I enjoy Twitter. Tweeting is fine, I send something out a couple times a week. I pick up about a new Tweep every week. It’s fun for news and sports updates. Some people can’t have a thought that runs through their head without Tweeting, while others try very hard to show just how profound they can be in just 140 characters. If you look on the front page of my blog you can see my last five Tweets, usually something like “stuck in traffic on I-4” or “enjoying the afternoon with my girls“. Pretty routine stuff. Everybody can’t enjoy the Twitter lifestyle of Charlie Sheen – #WINNING!
Tags: discipline | God | intimacy | Jesus | mask wearing
A couple weeks ago a friend from a previous life started following me on Twitter. Got an unexpected email to inform me that “@anonymous is following you on Twitter!” Really, I’m not sure why. In real life outside the Twittersphere, there has been no effort at friendship. Just a seemingly random followship request. Maybe it was an attempt to allay some guilt by clicking a button. In any event, now he is my follower. And the next time we ever talk or email, there will be fodder for the conversation – “Hey there! What’s up? I saw that you were stuck in traffic on I-4.“
As I have thought about this arrangement more and more, it has occurred to me – isn’t that the sort of arrangement that we want with Jesus? We want a Twitter arrangement in which our discipleship costs us nothing more than clicking a button. Now I’m a follower of Jesus, it says so on my Twitter home page. Jesus, Conan O’Brien, Oprah and CNN. I follow them all. While following Jesus in this way makes us feel good, it also allows us to gloss over anything He might have to say as it scrolls by in our Twitterstream. So, as Jesus stands and knocks at the door, it is pretty easy to ignore amidst all the other messages we are seeing. Nothing has to get through, nothing has to change, but I am a follower of Jesus and I am able to move on to the next thing.
Communicating with Twitter Jesus would keep him at a distance, not letting him see the real us. That’s safe. What does He expect from 140 characters? So we can give profound one liners about our spiritual life, but remain fundamentally unchanged in our relationship. When life throws a curve, there is a crisis or a need, we can just throw our Tweep Jesus a direct message. “Hey @Jesus, how about a little help with my job situation?” That’s prayer. Since Jesus is lost in the stream, we don’t have to listen – we’ve absolved ourselves of that responsibility – and prayer become a one sided thing. Usually a laundry list of what Twitter Jesus needs to do for us so that our lives can be happy and glorious, like we know he intends.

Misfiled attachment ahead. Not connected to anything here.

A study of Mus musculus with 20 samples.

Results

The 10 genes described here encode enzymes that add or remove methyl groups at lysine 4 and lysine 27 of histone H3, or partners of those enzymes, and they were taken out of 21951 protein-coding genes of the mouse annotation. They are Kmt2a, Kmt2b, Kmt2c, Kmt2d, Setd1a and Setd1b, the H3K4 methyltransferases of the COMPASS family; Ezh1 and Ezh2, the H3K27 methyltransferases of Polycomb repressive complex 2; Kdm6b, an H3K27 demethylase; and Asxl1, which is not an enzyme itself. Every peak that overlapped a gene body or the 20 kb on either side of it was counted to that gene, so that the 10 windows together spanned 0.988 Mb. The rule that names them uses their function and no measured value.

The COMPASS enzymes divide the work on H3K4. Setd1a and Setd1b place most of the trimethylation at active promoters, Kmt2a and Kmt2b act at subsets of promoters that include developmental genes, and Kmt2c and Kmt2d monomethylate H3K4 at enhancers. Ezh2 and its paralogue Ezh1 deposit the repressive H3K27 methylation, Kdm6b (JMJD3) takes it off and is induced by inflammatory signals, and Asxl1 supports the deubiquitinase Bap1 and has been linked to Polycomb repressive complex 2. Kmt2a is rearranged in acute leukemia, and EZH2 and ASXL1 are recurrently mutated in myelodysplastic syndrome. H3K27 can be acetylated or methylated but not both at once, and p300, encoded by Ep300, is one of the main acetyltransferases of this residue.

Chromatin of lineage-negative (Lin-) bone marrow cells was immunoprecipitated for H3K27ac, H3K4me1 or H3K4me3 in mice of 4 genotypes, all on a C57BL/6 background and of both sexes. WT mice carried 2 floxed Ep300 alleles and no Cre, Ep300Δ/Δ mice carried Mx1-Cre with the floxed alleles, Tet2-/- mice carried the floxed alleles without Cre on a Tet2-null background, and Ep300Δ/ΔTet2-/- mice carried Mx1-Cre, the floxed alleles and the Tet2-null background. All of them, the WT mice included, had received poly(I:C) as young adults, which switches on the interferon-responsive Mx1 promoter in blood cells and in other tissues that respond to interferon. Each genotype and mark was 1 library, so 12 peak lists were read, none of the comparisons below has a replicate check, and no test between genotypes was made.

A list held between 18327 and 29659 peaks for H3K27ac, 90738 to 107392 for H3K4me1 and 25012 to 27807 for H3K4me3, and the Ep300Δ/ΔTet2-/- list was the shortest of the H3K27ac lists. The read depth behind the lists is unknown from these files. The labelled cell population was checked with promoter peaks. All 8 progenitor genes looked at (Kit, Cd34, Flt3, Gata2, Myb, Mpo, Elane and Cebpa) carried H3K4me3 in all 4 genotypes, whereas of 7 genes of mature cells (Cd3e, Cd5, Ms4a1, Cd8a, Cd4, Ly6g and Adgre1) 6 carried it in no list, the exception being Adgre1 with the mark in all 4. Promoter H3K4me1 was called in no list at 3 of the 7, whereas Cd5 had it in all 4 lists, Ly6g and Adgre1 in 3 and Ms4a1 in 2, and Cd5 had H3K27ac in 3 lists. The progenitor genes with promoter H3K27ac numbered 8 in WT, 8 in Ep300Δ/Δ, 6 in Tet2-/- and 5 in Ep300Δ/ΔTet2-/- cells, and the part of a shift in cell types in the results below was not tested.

Twitter may allow us to stay connected with others, but it is not a relationship – although that’s how it is used. You cannot know me in 140 characters, and likewise I cannot know you. Even worse, when you are one of hundreds of other people I follow, the best you’re going to get is a passing glance or maybe a mention. It is control: I can control how much of me you see and I can choose whether or not to notice you. There is no cost in this sort of followship. No investment and very little return. You reap what you sow.
I did that with Jesus and my life turned out to be the house built on sand. Swept away by the storm of life because I had no foundation. Jesus did not know me, despite my works in His name. I wanted to be in control of the nature of my relationship with Jesus. Yet, I’ve found the opposite to be the spiritual reality. What Jesus desires is an opening so that He can know me. For me to stop what I am doing and listen so He can be in control of my sanctification. To offer spiritual disciplines, not as a way of proving my worth, but rather as a way to allow God to stir the Spirit within me. Discipline without expecting anything in return. Releasing control of my relationship with Jesus to Jesus. He, after all, is the one who chose me.
Even if I did push the “follow” button.